The Low-Down on Pét-Nat

Pétillant Naturel, or Pét-Nat as it is more often known (particularly outside of France), is a natural sparkling wine described by the French as being made by very traditional winemaking techniques, or ‘méthode ancestrale’ as it is referred to in France. With the demand for natural wines rising around the world, Pét-Nat is very much a style that is turning heads, but it’s also a style that many outsides of the winemaking (and drinking) community don’t know much about. In this article, we take a look at Pét-Nat wines and see what all the fuss is about.

What is Pét-Nat exactly?

Pét-Nat wine is a type of sparkling wine that harkens back to a more traditional age in winemaking. It can be made from red and white grapes and requires no additional ingredients or special machinery.
As it’s French-sounding name would suggest, Pét-Nat originated hundreds of years ago in France-specifically, the Loire Valley, where it may have actually first occurred as an accident. Although intermittently manufactured since then, the style began to grow in popularity again once more during the 1990s alongside a global interest in more natural wine styles. In making Pét-Nat wine, the natural process means that manufacture is far from complicated – after the grapes are crushed, the wine undergoes a single fermentation and is bottled. The early bottling then creates carbonation by the continued fermentation of natural sugars in the wine, a process that slowly occurs over several months until the wine is ready to be consumed. The natural style of the wine usually results in a very cloudy appearance, unlike standard wines.

The Pét-Nat Flavour Profile

As Pét-Nat refers more to a natural winemaking style, the flavor profile isn’t something that easy to pin down. The natural fermentation process often results in some rather unusual flavors and acidity levels, so Pét-Nats should not be treated as being similar to other sparkling wines. With that being said, the style usually creates wines that are very easy to drink, with the lower alcohol content making them great for summery sessions. The natural carbonation creates a light and fizzy mouthfeel making it quite an approachable and refreshing style for those looking for fun rather than complexity in their wine. Otherwise, the flavor of the wine itself will depend greatly on the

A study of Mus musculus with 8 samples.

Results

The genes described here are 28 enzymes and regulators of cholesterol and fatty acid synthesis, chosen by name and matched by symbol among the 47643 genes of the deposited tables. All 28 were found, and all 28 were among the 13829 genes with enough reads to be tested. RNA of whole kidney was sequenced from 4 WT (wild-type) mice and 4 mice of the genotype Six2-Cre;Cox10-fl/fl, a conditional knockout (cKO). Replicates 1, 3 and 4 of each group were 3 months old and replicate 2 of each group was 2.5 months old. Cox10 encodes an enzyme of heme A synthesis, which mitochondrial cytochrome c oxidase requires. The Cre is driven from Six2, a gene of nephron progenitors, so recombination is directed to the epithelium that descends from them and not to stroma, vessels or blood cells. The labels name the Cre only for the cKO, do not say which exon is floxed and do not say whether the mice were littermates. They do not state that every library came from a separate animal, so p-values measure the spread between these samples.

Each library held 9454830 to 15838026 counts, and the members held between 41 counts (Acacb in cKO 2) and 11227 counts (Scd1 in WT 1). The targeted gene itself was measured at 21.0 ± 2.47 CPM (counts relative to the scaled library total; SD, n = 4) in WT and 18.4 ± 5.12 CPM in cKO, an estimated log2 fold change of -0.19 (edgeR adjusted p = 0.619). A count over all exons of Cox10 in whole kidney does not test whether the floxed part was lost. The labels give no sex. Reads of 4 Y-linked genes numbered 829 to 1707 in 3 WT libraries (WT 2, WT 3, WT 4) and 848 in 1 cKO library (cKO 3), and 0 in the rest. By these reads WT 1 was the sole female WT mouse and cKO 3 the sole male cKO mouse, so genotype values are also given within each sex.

winemaker, the grape, and the amount of time the wine has spent in the bottle. You might get sweet, juicy, creamy, rich, tangy, floral, raw, tart, savory, spicy or earthy tones, so it’s often worth doing your homework to find a specific wine that complements your typical drinking preferences. Because of this, food pairings are also extremely diverse, and there’s undoubtedly a Pét-Nat for every dish out there.

Finding Pét-Nat near you

With so much variability, shopping around for Pét-Nats can be great fun, but it’s important to keep in mind that these wines aren’t made for cellaring – they’re actually quite prone to spoilage due to the natural processes, so should be handled and stored thoughtfully. This shouldn’t be a problem for most, though – with Australia’s excellent wine-growing climate Pét-Nats are readily available all over the country in a wide range of wine styles, with most of the domestic wines coming from the Adelaide Hills region. If there’s one thing you need to ensure with Pét-Nats, it’s to keep trying until you find one that suits your taste!